Presenting Virtual Classes

Tips for Running Successful Zoom Classes.



  • Group parents in breakout rooms consisting of 4 to 6 parents each.
  • Ask your parents to turn on their cameras.
  • To save time, facilitators may read the activity instructions aloud.
  • Although it is more time consuming, continue to ask parents to read portions of the text aloud. Reading aloud increases parent participation, retention, and learning.
  • The Teacher’s Guide asks facilitators to conduct both small and large group activities. Do not run small group activities in the large group format. Parents learn less in large groups.
  • Debrief activities by charting parent responses, either directly on the PPT slide or
  • Keep it interesting: Show parents how to use the white board, poles, chat room, and reaction symbols/emojis, etc.
  • Establish a “Question Bin.” Ensure parents that their questions will be answered in future Units.
  • Set up ongoing virtual support groups.
  • In other words, even though you are presenting the class online, stick with the process.
    Parent Project classes are based on cooperative learning norms and activity-based instruction. Do not change the delivery platform.

Camera Tips

  • Position your camera at eye level or above.
  • The camera should be close enough to frame at least your head and shoulders.
  • Never position the camera below eye level. No one wants to see up your nose.
  • If you have the facility, standing to present the class also works, but stay on your “mark.” If your camera is stationary, don’t move outside the camera frame.
  • Try to look directly into the camera when you speak.
  • Present from a well-lit room. Ring lights work well.
  • Dress appropriately. You are teaching a class. We know you are on camera, but pajama bottoms or sweatpants do little to help you prepare.


  • We recommend using a microphone with a headset. Logitech makes a good, inexpensive headset. ($24.99 on Amazon.) Headsets make it easier for your parents to hear you and use noise-canceling technology to help eliminate background noise.


  • Don’t be afraid to share a little about yourself. Be personable!
  • The more your class laughs, the better. Smile!
  • Don’t read anything from the book without personal comment. “You will love this!” “How true that is.” “The first time I heard this, I laughed.” “I can’t stress that enough.”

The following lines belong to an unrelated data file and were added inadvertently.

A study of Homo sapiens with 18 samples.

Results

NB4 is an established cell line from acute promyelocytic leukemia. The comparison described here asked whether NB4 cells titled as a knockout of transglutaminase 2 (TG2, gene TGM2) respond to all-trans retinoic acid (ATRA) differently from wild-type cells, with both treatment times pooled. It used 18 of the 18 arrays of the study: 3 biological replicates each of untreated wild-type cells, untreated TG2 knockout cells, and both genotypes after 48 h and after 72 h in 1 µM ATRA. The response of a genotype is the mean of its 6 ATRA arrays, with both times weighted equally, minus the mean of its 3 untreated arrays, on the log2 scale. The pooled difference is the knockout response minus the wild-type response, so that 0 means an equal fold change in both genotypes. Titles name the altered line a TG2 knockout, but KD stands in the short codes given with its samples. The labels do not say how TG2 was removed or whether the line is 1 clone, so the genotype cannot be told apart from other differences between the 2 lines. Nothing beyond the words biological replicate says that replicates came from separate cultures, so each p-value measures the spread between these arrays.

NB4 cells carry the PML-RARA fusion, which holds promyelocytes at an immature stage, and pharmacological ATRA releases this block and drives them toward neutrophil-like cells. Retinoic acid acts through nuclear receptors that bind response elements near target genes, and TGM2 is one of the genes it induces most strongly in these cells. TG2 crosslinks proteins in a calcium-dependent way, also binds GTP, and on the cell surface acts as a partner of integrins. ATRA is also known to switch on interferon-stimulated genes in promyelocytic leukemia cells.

• Be animated. Use voice inflection to help maintain class attention. In short, we have all had to endure boring presenters. Don’t be one.

The Software and the Process

  • Practice, practice, practice, using the software, hardware, and presenting the class.
  • Download the PPT’s to your computer. Do not play the PPT’s from the portal.
  • Direct wire your computer to your router. Do not rely on a WiFi signal.
  • After starting movies, move your cursor off the slide. Don’t touch the mouse or trackpad until the movie ends. Clicking or moving the mouse may pause the video.
  • Always do a Zoom orientation for parents.
  • For your first class, ask your parents to sign in early.
  • From time to time, you will experience technical difficulties. Expect it. Facilitators who have no idea how to fix it or where to start, usually panic.
  • Two facilitators are always best. If you are teaching alone, that’s okay. But having a techy there to get your parents into the meeting and solving technical issues for you is a great idea.
  • If you must go it alone, practice, practice, practice.
  • We recommend presenting just one unit per week, over two nights, one hour per night. For most, Tuesday, Wednesday, and Thursday evenings are best.
  • Giving parents homework like reading the unit beforehand or “watch this first” is a challenge.
  • Do not depend on your parents completing the task.
  • Recording your sessions is a great idea. Parents who miss a class can always watch the meeting to catch up.